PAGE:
Less than five miles from Cupertino, nestled in the shadows of the newly-opened Apple Park, construction crews are quietly putting the finishing touches on another massive development project built under guidance from Apple. A striking architectural feat when viewed from any angle, Sunnyvale’s new “Central & Wolfe” campus will open in its doors to thousands of Apple employees in early 2018. 9to5Mac stopped by the future campus to see how the new buildings are shaping up.


Architecture firm HOK designed the project, reimagining the site previously occupied by ForteMedia. Before demolition of the property began in early 2016, a sign appeared on the outgoing office buildings advertising NotAnotherBox.com, a teaser site for the new campus. Development has progressed rapidly under the direction of Level 10 Construction, with supplier Cemex providing over 500 cubic yards of concrete every hour to the site during peak construction.

A render of the Central & Wolfe campus shows extensive landscaping and open space for employees.

As you approach the campus from the distance, the six-story structure is visible from blocks away. The undulating lines of the three main office spaces contrast sharply with low-slung neighboring buildings including a Lowe’s Home Improvement store, a fire station, and a gentleman’s club. Just a few blocks down the street, Apple fully leases the Sunnyvale Research Center. Just last week, the 224,000 sq. ft. facility was purchased by First American Exchange for $100 million.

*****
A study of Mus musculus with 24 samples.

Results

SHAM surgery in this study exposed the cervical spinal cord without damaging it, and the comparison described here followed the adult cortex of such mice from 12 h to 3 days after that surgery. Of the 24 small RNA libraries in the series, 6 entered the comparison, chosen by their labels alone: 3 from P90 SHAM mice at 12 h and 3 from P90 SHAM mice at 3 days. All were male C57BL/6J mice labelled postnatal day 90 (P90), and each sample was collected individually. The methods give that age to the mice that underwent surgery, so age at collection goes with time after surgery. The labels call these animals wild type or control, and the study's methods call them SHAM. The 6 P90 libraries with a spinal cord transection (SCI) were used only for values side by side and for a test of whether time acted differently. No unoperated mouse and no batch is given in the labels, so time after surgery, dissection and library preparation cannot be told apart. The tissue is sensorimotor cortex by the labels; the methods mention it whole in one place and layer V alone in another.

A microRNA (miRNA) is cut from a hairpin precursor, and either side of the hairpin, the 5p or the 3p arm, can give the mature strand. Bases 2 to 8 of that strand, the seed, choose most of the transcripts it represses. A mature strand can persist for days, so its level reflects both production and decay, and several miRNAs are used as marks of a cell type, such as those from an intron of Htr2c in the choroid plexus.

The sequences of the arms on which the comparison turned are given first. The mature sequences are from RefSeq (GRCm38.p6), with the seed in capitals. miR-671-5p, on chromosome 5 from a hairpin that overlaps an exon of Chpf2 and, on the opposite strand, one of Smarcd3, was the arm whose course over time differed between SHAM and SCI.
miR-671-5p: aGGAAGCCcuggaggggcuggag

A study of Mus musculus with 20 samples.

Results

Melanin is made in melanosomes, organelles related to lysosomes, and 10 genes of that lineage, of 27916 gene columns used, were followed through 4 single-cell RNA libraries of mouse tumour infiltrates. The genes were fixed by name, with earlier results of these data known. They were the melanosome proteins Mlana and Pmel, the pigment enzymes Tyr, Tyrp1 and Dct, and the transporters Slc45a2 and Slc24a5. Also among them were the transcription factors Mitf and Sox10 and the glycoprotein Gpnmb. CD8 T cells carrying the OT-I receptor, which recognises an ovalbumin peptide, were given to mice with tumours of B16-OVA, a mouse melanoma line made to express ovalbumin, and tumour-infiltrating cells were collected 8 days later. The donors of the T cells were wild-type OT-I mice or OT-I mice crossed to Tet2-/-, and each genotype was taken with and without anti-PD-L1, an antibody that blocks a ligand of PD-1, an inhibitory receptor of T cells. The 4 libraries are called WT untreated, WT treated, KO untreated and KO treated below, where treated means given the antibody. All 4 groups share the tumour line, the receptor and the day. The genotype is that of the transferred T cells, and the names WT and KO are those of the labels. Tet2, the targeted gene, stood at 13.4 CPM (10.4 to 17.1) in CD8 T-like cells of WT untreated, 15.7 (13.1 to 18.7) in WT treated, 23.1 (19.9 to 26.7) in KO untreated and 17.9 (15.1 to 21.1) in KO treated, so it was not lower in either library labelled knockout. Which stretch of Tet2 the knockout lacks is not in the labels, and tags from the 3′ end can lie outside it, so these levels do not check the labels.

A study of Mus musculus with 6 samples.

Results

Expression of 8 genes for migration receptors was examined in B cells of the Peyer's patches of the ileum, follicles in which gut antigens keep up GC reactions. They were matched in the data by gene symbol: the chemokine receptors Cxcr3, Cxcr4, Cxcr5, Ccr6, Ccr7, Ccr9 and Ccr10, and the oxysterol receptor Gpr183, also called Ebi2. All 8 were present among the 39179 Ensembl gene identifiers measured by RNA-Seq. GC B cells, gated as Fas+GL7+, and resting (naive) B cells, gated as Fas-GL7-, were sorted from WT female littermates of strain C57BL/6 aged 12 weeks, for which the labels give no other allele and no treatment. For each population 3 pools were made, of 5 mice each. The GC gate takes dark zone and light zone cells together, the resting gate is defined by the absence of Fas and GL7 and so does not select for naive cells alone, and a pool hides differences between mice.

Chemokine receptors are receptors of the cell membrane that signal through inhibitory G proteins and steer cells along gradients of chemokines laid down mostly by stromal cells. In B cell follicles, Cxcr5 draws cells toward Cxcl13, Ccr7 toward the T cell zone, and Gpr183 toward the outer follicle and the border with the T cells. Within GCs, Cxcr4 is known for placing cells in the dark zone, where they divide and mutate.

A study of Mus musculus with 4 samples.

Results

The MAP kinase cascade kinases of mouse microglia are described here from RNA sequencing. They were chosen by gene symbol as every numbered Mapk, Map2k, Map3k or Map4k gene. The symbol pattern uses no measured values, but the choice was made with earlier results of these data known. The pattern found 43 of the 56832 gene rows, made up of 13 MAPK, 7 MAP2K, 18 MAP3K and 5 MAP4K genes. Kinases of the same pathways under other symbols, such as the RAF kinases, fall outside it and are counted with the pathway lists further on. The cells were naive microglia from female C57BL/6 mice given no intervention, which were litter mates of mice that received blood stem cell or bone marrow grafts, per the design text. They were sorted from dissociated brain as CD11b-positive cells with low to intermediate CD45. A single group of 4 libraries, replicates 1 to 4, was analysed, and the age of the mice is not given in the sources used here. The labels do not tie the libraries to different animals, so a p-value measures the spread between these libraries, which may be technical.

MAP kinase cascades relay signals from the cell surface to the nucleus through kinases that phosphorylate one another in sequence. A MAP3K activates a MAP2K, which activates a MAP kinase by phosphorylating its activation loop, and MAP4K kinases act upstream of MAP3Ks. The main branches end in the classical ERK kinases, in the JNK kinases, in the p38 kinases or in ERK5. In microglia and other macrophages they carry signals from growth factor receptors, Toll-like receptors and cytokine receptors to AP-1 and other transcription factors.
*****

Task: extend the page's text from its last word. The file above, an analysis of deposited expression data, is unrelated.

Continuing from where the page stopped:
At the construction site, the Central & Wolfe campus appears largely complete, aside from the chain link fence surrounding the property and dozens of construction workers walking around. Two sections of windows on the 770,000 sq. ft. facility have yet to be installed, providing a small glimpse inside. Just over a year ago, one construction worker at the site died after suffering injuries incurred by a 76-foot fall from the building’s sixth floor. A wrongful death lawsuit has been filed against Level 10 Construction by the worker’s family.

Similar to Apple Park, Central & Wolfe prioritizes sustainability, with two levels of parking located below the main office buildings in addition to a parking garage. This significant reduction in surface parking has contributed to the project’s LEED Platinum certification. Initial plans for the site included over 90,000 sq. ft. of rooftop gardens. Over two miles of walking and biking trails wrap through the site.

The ground floor of the complex and a standalone building are reserved to on-site amenities, which may include a cafeteria (likely a Caffè Macs), fitness center, conference center, and a 500-person sunken amphitheater. According to HOK, the campus will have an open floor plan, an increasingly common workplace layout for many Silicon Valley offices.

Throughout construction, several drone videos have documented progress made on the facility, including one by Level 10 Construction themselves. Drone footage of Apple Park became somewhat of a genre in itself during its construction process, overshadowing the work being completed in nearby Sunnyvale. Landscape architect Brian Jencek has recently posted several images on Twitter showing the landscaping and public spaces surrounding the new campus.

Level 10’s website lists November 2017 as the completion date for the facility, although the claim seems unlikely, judging by the amount of active construction still taking place. HOK suggests that more details will be available in early 2018. Take a look through the gallery below to see even more images of the new campus.